When Senator Charles E. Schumer, a New York Democrat, suggested in his questioning that the 2005 opinions might authorize torture, Mr. Mukasey stopped him. “You characterize it as torture,” he said. “I do not know of such a policy and I hope not to find them.”
Nor would he comment in detail on the legality of the so-called warrantless wiretap program that was authorized by President Bush shortly after the terror attacks of Sept. 11, 2001, and has been harshly criticized by civil liberties groups and lawmakers from both parties as possibly unconstitutional.
“I am not familiar with that program,” said Mr. Mukasey, who knew enough about the program to refer to it as the Terrorist Surveillance Program, the name preferred by the White House.
Why, even Glenn Greenwald has nice things to say about this best-of-a-bad-bunch rightwinger, because Mukasey bucked the Administration by allowing accused "dirty bomb" plotter and U.S. torture victim, Jose Padilla, the right to talk with his attorneys, or to challenge the evidence against him. Never mind that Mukasey upheld the indefinite detention of "enemy combatants" like Padilla. Never mind that Mukasey wants to initiate an entire new "national security court" for Bush's "war on terror", explaining that "conventional legal rules" are not "adapted to deal with a terrorist threat". Of course, Greenwald allows, "Judge Mukasey's respect for the Constitution and the rule of law should not be overstated."
Now that's an understatement.
Mukasey is an adviser (along with his white-collar criminal defense attorney son) to arch-militarist and scary GOP presidential candidate Rudy Guiliani. He wrote a paean to the Patriot Act in the Wall Street Journal, where he red-baited the American Library Association, and then threw out this sinister challenge to the primacy of the Bill of Rights:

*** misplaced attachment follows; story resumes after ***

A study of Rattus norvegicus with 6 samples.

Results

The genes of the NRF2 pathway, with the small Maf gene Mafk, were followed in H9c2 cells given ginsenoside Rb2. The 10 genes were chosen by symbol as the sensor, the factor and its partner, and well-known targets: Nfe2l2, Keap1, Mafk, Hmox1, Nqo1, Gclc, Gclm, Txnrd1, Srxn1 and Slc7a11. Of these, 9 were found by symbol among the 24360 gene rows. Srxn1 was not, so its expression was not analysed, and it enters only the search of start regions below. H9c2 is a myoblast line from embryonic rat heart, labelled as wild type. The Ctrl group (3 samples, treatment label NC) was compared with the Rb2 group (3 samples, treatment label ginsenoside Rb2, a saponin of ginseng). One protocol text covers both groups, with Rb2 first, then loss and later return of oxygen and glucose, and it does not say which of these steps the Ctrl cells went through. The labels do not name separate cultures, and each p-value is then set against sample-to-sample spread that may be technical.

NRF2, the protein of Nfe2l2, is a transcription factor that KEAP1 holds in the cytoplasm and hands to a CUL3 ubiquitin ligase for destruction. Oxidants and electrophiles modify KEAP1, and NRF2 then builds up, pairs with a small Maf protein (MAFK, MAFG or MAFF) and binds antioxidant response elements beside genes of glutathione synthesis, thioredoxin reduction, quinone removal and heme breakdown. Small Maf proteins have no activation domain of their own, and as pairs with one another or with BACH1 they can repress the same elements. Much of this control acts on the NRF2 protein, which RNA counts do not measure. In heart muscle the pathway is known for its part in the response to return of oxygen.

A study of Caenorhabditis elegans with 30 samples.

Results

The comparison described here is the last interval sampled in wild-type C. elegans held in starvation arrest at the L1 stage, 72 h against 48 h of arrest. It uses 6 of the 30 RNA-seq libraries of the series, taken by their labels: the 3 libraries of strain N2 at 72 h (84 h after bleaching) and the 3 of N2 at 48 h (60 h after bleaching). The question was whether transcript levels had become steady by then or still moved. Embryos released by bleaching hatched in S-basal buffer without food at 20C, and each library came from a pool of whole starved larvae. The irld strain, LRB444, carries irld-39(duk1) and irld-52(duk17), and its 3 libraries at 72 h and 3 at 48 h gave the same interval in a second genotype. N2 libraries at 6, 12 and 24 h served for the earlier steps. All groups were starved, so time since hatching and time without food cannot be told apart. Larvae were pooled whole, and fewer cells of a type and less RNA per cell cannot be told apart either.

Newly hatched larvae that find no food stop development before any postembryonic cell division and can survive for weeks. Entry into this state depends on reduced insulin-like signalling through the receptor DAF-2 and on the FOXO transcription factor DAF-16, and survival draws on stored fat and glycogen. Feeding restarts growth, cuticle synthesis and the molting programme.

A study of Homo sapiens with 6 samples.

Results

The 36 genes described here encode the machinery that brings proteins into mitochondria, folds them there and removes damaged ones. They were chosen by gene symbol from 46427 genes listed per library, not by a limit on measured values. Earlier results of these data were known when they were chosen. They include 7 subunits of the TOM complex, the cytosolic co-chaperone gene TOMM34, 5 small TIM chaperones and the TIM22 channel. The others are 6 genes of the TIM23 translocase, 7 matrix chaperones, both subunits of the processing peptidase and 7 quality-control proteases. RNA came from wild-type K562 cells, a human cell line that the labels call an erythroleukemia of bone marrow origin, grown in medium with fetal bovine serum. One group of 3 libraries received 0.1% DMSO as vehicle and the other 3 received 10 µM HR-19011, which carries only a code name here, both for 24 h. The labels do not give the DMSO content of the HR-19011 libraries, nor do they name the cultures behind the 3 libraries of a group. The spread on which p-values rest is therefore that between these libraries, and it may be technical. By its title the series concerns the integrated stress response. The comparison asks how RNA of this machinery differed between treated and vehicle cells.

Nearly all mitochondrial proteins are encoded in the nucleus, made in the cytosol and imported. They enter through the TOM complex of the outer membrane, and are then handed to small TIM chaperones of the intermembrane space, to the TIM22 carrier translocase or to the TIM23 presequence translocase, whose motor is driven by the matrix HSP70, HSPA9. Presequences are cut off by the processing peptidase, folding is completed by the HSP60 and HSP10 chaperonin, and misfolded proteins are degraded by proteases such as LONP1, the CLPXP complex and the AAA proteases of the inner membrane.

A bill of rights was omitted from the original Constitution over the objections of Patrick Henry and others. It may well be that those who drafted the original Constitution understood that if you give equal prominence to the provisions creating the government and the provisions guaranteeing rights against the government--God-given rights, no less, according to the Declaration of Independence--then citizens will feel that much less inclined to sacrifice in behalf of their government, and that much more inclined simply to go where their rights and their interests seem to take them.
So, as the historian Walter Berns has argued, the built-in message--the hidden message in the structure of the Constitution--is that the government it establishes is entitled, at least in the first instance, to receive from its citizens the benefit of the doubt.
So, conventional opinion says Mukasey is a good guy, better than Gonzales, someone who will not politicize the Justice Department, is against torture, and also independent from the Bush circle -- hell, even Chuck Schumer likes the guy (he even suggested Mukasey to Bush as a possible Supreme Court nominee a while back). But if there ever was a poster boy for the degradation of political discourse and sensibility, and the failure of two-party politics in the age of American adventurism and imperial hubris abroad, it's Michael B. Mukasey.
A little dose of cynicism might cure an overdose of the Kool-Aid, which has the media snoring, and even leftie liberals prattling over business-as-usual in this dangerously oblivious land.